This is a follow up to the post Change the Body Through the Mind.
When working with dogs with very intense or deeply rooted emotional states, it can take a very long time to reach through in order to change their mind to such an extent that their physical behaviour changes as well. Addressing the body and the mind in conjunction is therefor the most effective way to help the whole dog progress.
The most simple way to change the dog’s mind through its body is to stop excitement or anxiety by blocking physical movement. For example, if your dog is running around a field getting more and more excited, you can help the dog to calm down by putting it back on a short leash. Another example is a dog that is constantly pacing around the house, getting more and more anxious. In this situation you can ask your dog to stay on a dog bed, and by stopping the neurotic behaviour, helping the dog to calm down.
A more extreme version of this would be using traditional obedience for behaviour modification. The idea is that if your dog is walking to heel, it cannot be lunging at other dogs, if your dog is in a down, it cannot be chasing playing children, if your dog is in a sit, it cannot be jumping on guests. By teaching the behaviours using food, and then proofing them around distractions by pairing it with corrections, the dog’s obedience can override whatever bad behaviour you would like to eliminate. The down side of this is that you can get a dog who is physically performing the behaviours, but who’s mind is still very stressed.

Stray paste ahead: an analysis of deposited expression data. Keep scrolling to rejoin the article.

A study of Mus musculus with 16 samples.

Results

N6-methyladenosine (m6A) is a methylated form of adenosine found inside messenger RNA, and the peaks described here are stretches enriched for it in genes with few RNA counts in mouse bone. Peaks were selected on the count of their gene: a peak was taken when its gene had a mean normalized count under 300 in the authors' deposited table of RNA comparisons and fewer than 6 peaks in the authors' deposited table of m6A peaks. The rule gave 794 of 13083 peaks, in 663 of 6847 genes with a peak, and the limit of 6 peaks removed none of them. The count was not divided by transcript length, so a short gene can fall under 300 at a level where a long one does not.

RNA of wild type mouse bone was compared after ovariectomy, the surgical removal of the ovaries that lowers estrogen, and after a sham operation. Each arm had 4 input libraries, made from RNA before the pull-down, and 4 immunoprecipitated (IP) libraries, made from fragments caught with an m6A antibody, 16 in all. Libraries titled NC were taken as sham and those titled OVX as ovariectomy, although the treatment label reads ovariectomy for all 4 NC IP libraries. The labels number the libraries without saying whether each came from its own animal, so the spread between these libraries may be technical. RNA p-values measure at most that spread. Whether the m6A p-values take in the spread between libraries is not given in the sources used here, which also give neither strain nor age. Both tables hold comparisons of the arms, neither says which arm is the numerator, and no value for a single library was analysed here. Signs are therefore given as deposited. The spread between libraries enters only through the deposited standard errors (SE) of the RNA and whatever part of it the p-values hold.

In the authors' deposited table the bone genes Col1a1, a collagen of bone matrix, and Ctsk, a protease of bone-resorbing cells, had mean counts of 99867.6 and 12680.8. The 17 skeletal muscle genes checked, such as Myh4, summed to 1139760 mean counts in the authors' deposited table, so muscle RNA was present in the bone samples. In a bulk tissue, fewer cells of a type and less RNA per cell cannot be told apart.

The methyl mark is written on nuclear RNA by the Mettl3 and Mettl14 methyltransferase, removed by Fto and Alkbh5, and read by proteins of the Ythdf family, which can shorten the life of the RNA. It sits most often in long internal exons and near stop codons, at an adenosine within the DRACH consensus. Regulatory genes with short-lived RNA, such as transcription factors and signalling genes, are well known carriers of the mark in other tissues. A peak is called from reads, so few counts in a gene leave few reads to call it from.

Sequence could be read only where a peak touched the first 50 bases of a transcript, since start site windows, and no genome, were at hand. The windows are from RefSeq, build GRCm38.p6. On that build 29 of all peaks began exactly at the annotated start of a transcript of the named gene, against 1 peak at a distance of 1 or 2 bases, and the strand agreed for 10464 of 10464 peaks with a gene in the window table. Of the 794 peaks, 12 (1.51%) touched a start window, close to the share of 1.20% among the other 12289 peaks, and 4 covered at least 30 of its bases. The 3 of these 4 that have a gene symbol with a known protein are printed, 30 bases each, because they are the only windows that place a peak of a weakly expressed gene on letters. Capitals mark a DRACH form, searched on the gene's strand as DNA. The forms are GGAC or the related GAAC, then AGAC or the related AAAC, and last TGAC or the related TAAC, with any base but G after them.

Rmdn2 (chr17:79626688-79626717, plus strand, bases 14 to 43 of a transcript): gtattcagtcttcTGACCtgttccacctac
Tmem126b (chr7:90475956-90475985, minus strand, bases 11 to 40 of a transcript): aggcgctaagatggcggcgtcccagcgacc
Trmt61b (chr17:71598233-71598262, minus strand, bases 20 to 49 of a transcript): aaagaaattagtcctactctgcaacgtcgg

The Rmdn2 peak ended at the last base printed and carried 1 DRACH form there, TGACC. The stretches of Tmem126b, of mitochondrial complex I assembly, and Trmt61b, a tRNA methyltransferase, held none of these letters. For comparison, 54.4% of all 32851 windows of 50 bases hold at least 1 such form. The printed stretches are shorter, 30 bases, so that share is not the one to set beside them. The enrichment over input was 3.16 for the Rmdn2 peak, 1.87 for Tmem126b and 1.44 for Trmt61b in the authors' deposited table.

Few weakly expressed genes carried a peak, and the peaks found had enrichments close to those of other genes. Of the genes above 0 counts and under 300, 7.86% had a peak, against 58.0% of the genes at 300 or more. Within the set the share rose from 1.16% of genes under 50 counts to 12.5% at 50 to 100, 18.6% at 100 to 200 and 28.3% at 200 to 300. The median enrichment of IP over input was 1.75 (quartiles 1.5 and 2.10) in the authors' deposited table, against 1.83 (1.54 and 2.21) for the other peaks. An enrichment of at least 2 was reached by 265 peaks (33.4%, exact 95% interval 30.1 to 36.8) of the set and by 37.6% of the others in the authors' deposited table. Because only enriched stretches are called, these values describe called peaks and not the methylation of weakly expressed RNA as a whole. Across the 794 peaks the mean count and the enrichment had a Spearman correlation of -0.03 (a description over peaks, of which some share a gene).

This does not mean that we have to dismiss the approach completely, but just that we need to use it together with the process discussed in the previous post, and be careful not push the dog too far too quickly. If you are sensitive to your dog, and build the training up slowly and gradually, it can be an invaluable help.
Teaching your dog a solid obedience foundation can help to teach your dog clear alternative behaviours, better coping skills, and can be a great management tool to prevent the dog from escalating. In an ideal world, the environment would already be perfectly managed to suit our dogs’ training needs. Unfortunately, this is not the case, and there will be many instances where the surrounding is too stimulating and your dog sees triggers too close. Stressful situations will happen, but it is how you deal with them that makes the difference. Practice obedience to a high level so that you can use it in real life, unprepared situations. By being able to control your dog’s physical movement and giving your dog a clear command to focus on, you can prevent the dog’s behaviour from escalating in stressful situations, and calm its mind.